March 13, 2015 By Jaikumar Vijayan 3 min read

Payment systems belonging to several customers of point of sale vendor NEXTEP SYSTEMS have been compromised, exposing credit and debit card data belonging to an unknown number of people.

Fraud Pattern

Law enforcement authorities recently notified the Michigan-based point of sale (POS) vendor of the issue after noticing a pattern of fraud on payment cards used at soup eatery chain Zoup, one of NEXTEP’s largest customers, Krebs on Security reported earlier this week. NEXTEP supplies POS systems to restaurants, corporate food services, grocery stores and food service outlets at airports and other retail venues. Many of its terminals are used at self-service and drive-through kiosks.

Tommy Woycik, president of NEXTEP, confirmed the problem in an email, saying payment data at some of its customer locations had been compromised. The POS vendor is investigating the matter and cooperating with law enforcement and data security experts who have been tapped to determine the root cause of the issue, Woycik said.

“We do know that this is not affecting all NEXTEP customers, and we have been working with our customers to ensure that any issues are addressed,” he said. “This remains an ongoing investigation with law enforcement.”

Point of Sale Vendor Breach Potentially Wide-Ranging

Krebs described the breach as potentially wide-ranging, but according to Woycik, the POS vendor is still working to determine the full extent of the breach.

Woycik did not offer any explanation on the security issue that resulted in the compromise. However, it is quite likely the incident is similar to breaches at several other POS system vendors over the past year, Krebs noted. Many of the incidents have involved cybercriminals gaining access to the login credentials used by POS vendors such as NEXTEP to remotely support and manage their payment terminals at customer locations. Cybercriminals have used the credentials to gain access to payment systems at customer locations and plant data-stealing malware on them.

One example where this happened was at Information Systems and Supplies, a POS system supplier to restaurants and bars in the Vancouver, Washington, area. In this incident, cybercriminals gained access to the company’s LogMeIn credentials and used them to break into the payment systems of several of its customers. The compromise allowed cybercriminals to pilfer credit card data belonging to an unknown number of people who paid for purchases using the compromised POS terminals.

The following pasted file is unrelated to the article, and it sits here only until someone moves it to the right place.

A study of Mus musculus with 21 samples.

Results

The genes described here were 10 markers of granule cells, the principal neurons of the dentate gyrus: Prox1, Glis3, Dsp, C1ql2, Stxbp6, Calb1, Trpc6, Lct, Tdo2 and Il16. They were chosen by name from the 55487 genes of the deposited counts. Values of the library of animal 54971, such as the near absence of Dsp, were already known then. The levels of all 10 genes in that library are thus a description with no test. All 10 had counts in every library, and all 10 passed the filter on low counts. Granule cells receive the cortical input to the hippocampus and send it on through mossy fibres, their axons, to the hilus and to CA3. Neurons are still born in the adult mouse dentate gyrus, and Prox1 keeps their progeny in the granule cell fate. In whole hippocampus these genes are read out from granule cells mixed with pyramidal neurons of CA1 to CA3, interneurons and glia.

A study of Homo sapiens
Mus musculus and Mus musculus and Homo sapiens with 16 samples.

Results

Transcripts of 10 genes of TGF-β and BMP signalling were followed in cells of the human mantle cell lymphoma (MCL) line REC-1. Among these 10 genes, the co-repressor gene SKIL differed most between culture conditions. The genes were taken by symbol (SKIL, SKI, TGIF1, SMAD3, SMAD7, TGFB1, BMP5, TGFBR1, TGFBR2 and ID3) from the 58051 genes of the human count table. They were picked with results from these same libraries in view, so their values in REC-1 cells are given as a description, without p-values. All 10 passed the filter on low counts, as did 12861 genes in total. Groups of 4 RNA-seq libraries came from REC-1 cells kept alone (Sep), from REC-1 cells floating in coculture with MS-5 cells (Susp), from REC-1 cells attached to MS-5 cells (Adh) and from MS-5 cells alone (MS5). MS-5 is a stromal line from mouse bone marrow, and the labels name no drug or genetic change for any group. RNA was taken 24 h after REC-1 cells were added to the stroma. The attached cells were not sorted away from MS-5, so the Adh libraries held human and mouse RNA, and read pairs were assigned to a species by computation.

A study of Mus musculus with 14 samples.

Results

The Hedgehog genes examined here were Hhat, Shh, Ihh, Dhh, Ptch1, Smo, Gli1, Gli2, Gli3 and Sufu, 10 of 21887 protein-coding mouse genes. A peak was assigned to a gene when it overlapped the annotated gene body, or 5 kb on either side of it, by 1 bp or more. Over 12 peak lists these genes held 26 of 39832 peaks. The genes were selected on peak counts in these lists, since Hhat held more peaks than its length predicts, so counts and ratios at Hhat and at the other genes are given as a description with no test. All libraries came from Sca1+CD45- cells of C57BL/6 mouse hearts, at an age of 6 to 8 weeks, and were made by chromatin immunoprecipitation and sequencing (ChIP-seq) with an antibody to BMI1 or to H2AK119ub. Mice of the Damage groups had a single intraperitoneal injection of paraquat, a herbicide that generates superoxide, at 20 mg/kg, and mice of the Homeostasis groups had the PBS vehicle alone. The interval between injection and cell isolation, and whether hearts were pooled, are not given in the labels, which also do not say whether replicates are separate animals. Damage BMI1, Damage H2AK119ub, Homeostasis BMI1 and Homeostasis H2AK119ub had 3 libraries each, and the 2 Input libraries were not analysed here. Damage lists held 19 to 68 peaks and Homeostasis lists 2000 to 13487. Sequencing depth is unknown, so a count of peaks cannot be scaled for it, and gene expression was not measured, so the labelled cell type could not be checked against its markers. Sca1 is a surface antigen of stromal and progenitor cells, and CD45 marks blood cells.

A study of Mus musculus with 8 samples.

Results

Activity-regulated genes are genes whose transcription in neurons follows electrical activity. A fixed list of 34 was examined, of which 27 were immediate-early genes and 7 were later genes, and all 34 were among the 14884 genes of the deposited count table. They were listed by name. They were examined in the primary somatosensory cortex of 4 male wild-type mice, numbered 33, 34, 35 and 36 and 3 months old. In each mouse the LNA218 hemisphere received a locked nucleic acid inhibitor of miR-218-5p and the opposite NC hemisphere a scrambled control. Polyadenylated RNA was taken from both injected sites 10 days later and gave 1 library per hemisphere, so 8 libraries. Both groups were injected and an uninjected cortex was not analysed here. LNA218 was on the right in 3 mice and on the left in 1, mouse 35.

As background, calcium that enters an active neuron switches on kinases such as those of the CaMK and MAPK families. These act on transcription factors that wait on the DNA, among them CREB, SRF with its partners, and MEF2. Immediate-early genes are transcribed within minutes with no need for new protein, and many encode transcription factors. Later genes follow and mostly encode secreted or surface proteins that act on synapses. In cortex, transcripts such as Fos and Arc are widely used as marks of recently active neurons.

Third-Party Security Risks

Security researchers often point to such incidents as reasons why companies need to keep an eye on the security practices of their third-party suppliers and technology vendors. Both Target and Home Depot are believed to have been victims of security lapses at business partners to whom they had granted privileged network access. In Target’s case, intruders first gained access to its networks using an account that belonged to a company that provided heating, air conditioning and ventilation services to the retailer. The Home Depot intrusion is believed to have stemmed from a similar failure.

Concerns over third-party security risks have prompted organizations such as the Payment Card Industry Security Standards Council to mandate specific security requirements for companies that use outside services to store, process or transmit cardholder data. The rules also apply to firms that outsource their security functions such as routers, firewalls and databases to third parties. Under the rules, retailers and other companies that handle credit card data are required to implement a third-party assurance program to properly vet service providers and ensure they have adequate controls to protect card data.

Under these standards, covered entities are required to obtain written agreements from third parties about their commitment to security. Companies that handle a large volume of card transactions or data are also required to monitor their third-party suppliers for compliance with security requirements.

Banks and health care organizations have similar risk management requirements for protecting sensitive customer data against breaches stemming from third-party security failures.